It's very easy to idealize the sacrament of marriage. As a society, we tend to focus on a perfect wedding day, followed by decades of wedded bliss.

We tell ourselves that marriage will be work, but it will be worth it. And of course, these grand plans benefit from a haze of idealism and (for many of us), the unknown reality that is married life. 

While daydreaming isn't a terrible thing, it often makes us focus on the wrong things. 

No, I'm not saying you should not get married. Rather, I'm talking about a mindset. Sometimes as a Catholic, we put so much emphasis on marriage, that we forget what actually leads to marriage. If you're searching, don't search for a wife or a husband. 

Instead, focus on looking for a lasting, meaningful connection and sustainable, deep love. 

When you're thinking of a partner who qualifies as 'marriage material', we tend to think of a set of specific criteria. When dating (or even just meeting people), it's easy to quickly start to compare against criteria in your mind. The weakness of setting criteria is that it skews perception.

It can be very easy to 'write people off' when comparing against a criteria, because the minute a single box does not get checked, it is human nature to hyper focus on that single unchecked box. Conversely, you may be a very easy grader, and you might grade a prospect too easily.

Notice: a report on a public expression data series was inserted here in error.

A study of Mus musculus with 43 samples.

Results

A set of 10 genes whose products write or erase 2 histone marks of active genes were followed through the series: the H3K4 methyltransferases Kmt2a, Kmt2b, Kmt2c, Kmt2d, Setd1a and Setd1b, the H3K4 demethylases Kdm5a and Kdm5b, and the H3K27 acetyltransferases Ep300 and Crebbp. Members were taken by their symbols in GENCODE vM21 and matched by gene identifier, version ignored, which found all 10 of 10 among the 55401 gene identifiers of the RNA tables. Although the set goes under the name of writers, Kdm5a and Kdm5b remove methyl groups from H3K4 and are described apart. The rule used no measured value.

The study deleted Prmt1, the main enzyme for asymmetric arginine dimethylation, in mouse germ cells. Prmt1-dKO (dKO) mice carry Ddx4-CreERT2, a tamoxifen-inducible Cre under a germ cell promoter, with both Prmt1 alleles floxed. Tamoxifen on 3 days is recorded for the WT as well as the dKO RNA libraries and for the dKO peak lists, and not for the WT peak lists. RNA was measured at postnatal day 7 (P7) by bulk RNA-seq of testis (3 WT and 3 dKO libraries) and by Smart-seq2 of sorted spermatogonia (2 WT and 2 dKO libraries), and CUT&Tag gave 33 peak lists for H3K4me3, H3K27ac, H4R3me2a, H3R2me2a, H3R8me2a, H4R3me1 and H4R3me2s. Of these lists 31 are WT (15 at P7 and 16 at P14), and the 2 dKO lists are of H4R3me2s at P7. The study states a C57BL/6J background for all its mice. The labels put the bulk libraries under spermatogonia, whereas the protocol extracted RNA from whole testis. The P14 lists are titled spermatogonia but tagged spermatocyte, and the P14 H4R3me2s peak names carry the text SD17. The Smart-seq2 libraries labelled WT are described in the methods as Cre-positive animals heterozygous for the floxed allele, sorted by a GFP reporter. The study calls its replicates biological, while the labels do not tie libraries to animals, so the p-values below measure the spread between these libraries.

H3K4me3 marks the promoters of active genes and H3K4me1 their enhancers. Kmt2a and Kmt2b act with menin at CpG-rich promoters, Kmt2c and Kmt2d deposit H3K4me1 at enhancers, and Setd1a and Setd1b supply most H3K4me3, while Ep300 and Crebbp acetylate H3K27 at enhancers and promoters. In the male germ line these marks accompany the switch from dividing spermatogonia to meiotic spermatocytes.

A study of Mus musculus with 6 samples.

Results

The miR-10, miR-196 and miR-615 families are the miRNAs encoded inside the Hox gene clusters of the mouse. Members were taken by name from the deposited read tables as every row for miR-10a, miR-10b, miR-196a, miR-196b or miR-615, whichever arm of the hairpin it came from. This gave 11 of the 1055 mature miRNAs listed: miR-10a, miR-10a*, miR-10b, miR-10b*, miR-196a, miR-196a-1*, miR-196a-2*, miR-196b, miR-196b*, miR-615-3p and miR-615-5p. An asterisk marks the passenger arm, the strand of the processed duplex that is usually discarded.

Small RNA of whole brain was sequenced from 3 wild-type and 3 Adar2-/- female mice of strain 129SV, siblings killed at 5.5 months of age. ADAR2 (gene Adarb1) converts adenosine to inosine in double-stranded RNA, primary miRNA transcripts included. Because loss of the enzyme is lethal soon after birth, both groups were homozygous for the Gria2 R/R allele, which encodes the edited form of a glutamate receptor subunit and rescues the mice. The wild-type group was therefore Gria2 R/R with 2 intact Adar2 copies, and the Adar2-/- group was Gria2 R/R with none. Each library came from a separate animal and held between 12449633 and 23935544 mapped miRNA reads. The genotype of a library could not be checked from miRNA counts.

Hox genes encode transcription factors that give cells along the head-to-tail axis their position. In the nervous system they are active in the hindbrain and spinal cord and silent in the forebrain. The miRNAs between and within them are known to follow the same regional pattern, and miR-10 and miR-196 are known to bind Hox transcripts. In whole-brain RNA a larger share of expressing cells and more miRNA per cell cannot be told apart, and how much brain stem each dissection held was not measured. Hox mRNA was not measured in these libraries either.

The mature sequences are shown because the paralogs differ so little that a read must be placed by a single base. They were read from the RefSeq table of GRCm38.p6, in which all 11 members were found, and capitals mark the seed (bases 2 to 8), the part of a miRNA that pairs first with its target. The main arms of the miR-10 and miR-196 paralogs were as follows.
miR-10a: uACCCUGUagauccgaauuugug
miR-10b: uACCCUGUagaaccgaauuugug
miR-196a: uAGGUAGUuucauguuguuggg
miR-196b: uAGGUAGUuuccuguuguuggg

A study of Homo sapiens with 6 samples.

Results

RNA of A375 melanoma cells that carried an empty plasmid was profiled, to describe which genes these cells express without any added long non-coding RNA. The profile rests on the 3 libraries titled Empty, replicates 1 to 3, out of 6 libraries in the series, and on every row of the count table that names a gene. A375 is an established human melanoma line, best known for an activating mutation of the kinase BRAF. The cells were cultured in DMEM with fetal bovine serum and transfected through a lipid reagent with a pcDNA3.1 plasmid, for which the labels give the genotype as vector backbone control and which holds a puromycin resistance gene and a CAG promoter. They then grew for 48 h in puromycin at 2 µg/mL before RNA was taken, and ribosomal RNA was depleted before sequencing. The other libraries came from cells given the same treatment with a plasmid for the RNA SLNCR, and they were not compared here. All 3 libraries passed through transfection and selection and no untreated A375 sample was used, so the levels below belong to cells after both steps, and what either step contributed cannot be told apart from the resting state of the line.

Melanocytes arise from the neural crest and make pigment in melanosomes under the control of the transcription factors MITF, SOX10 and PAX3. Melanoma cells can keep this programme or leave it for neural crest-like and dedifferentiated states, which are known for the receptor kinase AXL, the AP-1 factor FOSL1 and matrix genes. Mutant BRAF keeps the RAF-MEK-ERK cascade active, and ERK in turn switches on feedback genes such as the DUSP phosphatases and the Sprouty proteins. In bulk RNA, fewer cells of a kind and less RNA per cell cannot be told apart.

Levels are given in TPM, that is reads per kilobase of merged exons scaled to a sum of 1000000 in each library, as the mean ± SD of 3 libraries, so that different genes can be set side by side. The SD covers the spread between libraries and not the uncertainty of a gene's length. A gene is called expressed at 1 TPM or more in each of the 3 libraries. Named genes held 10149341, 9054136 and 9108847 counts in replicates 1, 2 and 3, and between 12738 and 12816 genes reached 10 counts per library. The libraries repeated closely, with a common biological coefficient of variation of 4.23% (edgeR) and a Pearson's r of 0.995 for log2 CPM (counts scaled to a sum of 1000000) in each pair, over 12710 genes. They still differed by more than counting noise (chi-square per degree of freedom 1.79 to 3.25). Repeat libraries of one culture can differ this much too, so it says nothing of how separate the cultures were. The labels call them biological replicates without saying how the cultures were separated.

The inverse of writing people off would be overlooking critical shortcomings in that person and in your reaction to that person. Equally poor decisions. 

Love on the other hand has no criteria because it is a feeling. There's no real way to list out reasons as to why you love someone, except that you just love them. As such, there are no list of criteria. Once you have this loving feeling, and (god willing) the other develops the same feeling, then an ideal and sustainable marriage will follow.

Marriage will still mean work and sacrifice, but having a strong foundation of love will make everything easier. 

So, get rid of your list, don't worry about checking boxes. Instead, focus on a meaningful connection and balance those critical items after you gauge your connection. You'll be glad you did. 

Comments

  1. Well said. I would add that recently single people that have not yet move past their previous relationship also tend to have this "check-in the box" mentality when there interesting in dating.